Video quality also yielded similar, passable results. Nearby audio picked up well, and colors were true to life. Both moving and still objects, in general, remained in focus. However, when I moved the camera around, I could see a subtle, but nonetheless distracting, "pulsating" effect due to the lens readjusting itself for lighting and focus.
The camera holds a slew of editing options, including 11 Instagram-esque filters and three shooting modes: Pro, Basic, or Scenes. Each mode then has six more editing options underneath it. For instance, Basic gives you all your standard photo features like Auto, HDR shooting, panorama, and low-light. Pro has options such as blink and smile detection, as well as timed interval shooting. Scene enables users to adjust for macro shooting or taking photos in the dark or at sunset.
Images ranges from 640x480 to 3,264x2,448-pixels. There's also a timer, white-balance settings, geotagging, and more. As for video, it utilizes the same filters. You can take photos while recording, and there is a time-lapse option. Recording quality spans from MMS video for texts to 1080p.
I tested the Boost Max in our San Francisco offices, where I found call quality to be good, but not stellar. Although none of my calls dropped and audio remained consistent without cutting in and out, my calling partner did sound a bit scratchy. The distortion wasn't overly distracting, nor did it render the call unintelligible. However, it was noticeable, and during times of absolute silence when no one was speaking, I could hear the subtle hint of static.
As for audio speaker quality, voices sounded tinny and thin. Increasing the volume made the audio's hollowness even more apparent. But again, even though my partner's voice sounded "pinched," I was still able to understand what was being said.
Meanwhile, I was told that my voice sounded clear on the other end, though just a tad muffled. Volume levels were also appropriate on both ends, and my calling partner said that there was no indication of any background or extraneous noises.Listen now: ZTE Boost Max call quality sample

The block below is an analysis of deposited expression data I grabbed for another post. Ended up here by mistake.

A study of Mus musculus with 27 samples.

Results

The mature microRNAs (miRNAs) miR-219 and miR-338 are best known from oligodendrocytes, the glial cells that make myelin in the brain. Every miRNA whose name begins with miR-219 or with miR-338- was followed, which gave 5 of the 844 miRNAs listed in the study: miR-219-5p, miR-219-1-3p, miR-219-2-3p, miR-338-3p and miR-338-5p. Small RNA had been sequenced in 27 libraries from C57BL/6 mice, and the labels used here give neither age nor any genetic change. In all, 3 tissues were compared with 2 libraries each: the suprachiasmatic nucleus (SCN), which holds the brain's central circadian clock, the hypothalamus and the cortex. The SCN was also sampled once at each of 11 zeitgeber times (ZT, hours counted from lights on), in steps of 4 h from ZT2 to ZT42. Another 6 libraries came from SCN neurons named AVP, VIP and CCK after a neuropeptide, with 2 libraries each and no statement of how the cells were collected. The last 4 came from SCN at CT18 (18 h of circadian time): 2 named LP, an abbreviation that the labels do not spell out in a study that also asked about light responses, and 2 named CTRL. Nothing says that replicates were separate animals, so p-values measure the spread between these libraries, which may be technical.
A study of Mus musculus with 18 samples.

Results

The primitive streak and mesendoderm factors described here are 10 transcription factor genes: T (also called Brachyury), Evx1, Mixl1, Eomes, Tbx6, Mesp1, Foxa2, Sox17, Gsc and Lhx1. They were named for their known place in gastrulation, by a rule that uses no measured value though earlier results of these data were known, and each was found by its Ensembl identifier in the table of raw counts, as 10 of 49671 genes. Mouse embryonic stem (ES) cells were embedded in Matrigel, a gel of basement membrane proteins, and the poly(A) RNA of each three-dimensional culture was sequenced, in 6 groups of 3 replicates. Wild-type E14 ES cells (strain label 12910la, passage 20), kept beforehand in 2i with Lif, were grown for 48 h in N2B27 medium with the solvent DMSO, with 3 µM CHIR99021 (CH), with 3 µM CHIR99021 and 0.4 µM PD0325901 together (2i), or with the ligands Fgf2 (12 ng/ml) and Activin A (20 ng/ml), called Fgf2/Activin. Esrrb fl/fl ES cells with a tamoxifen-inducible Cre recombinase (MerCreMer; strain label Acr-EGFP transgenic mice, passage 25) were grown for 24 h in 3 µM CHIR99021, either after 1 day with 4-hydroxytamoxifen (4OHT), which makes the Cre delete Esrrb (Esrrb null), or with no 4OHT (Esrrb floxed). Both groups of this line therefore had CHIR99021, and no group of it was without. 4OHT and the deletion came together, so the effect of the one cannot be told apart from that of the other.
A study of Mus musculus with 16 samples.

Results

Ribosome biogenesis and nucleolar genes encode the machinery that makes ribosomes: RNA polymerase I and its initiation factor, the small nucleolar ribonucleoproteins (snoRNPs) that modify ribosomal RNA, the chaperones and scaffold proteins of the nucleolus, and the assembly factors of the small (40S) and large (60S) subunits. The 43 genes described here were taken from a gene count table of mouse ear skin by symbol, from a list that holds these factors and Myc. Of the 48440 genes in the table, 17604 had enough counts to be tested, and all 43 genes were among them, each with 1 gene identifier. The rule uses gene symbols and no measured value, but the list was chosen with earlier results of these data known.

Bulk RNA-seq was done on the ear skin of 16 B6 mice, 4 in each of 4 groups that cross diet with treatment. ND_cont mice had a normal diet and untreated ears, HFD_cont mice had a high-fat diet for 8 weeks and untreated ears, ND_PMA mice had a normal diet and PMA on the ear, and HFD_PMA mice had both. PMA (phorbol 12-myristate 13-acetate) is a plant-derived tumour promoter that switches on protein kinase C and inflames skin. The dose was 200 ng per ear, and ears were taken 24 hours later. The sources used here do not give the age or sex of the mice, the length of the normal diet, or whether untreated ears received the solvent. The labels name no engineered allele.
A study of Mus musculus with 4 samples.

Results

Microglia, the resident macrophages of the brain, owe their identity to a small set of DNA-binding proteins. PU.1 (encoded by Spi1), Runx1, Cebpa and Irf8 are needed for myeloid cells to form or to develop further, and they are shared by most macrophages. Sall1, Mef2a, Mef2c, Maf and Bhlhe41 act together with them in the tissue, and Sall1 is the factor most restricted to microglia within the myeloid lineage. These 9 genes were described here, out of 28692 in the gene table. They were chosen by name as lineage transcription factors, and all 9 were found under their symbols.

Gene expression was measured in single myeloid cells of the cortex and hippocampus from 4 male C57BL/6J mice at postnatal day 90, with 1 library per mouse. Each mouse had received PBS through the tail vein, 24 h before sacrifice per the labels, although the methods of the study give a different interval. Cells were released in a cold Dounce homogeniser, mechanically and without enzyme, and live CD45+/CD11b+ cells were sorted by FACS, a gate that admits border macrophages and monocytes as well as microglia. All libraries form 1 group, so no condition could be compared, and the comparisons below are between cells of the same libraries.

Because it is a Boost Mobile device, the handset operates on Sprint's network. 4G LTE speeds were consistent and reliable, but altogether quite slow. For instance, Ookla's speed test app showed an average of 0.48Mbps down and a mere 0.14Mbps up. It also took a whopping 22 minutes and 24 seconds to download and install the 40.89MB Temple Run 2 game. As for Web browsing, it took about 11 seconds and 29 seconds, respectively, to load the mobile and desktop versions of CNET's site. The New York Times' mobile site loaded on average in 12 seconds and its full site took 30 seconds. Lastly, the mobile site for ESPN clocked in at 14 seconds, and 27 seconds passed before its desktop site fully loaded.
|ZTE Boost Max||Performance|
|Average 4G LTE download speed||0.48Mpbs|
|Average 4G LTE upload speed||0.14Mbps|
|App download (Temple Run 2)||40.89MB in 22 minutes and 24 seconds|
|CNET mobile site load||11 seconds|
|CNET desktop site load||29 seconds|
|Power off and restart time||37 seconds|
|Camera boot time||2.5 seconds|
Powering the smartphone is a 1.2GHz dual-core Snapdragon 400 processor. Small but necessary tasks that are performed daily were executed without a hitch. Browsing through the app drawer, for example, or returning to the home pages and unlocking the screen, were done smoothly and timely. In addition, when I played the graphics-intensive game Riptide GP 2, I didn't notice any stuttering, and the app never force-quit. Compared to high-tiered flagship devices, however, the Max didn't have as high of a frame-rate, and its rendering of images wasn't as smooth.
Moreover, while the 37 seconds it took in order to power off and restart the handset didn't stand out to me, the 2.5 seconds it took to launch the camera definitely did. Even though the camera itself operated swiftly (as I mentioned before), opening it took a hair longer than what I was used to. When I ran benchmark tests on the smartphone for CPU performance, the Max's highest Quadrant score out of three trials was 4,795. For comparison, that puts it on a par with devices like the ZTE Warp 4G Boost and the Huawei Ascend Mate (which scored 4,868 and 4,818, respectively). It also had a Linpack multi-thread result of 227 MFLOPs in 0.74-second.
During our battery drain test for video playback, the device lasted 12 hours and 51 minutes, and it has a reported talk time of 16 hours. In general, its nonremovable 3,200mAh battery was decent, but it takes an abnormally long time to charge. I had to wait about a full workday to have a full battery charge. At the end of another workday (after it had been fully charged), the smartphone would be at 66 percent capacity, even with medium to high usage and the screen brightness cranked all the way up. According to FCC radiation measurements, the handset has a digital SAR rating of 0.91W/kg.
Though it appears that phablets are all the rage right now, the number of reliable but inexpensive devices are slim. Phablets that are the top of their game can cost a pretty penny off-contract (the Samsung Galaxy Note 3, for example, is $708, prepaid, on T-Mobile).
True, the Boost Max may not have the sharpest screen, the fastest processor, or the most powerful camera, but for its 5.7-inch size, $299.99 is a reasonable price to pay for its just-fair performance.
However, if you are able to spend $50 more, the prepaid, 6.3-inch Samsung Galaxy Mega is worth the extra dough. While its screen has a lower ppi ratio, its camera takes better photos, its processor is faster, and it has a handful of nifty and useful Samsung software features.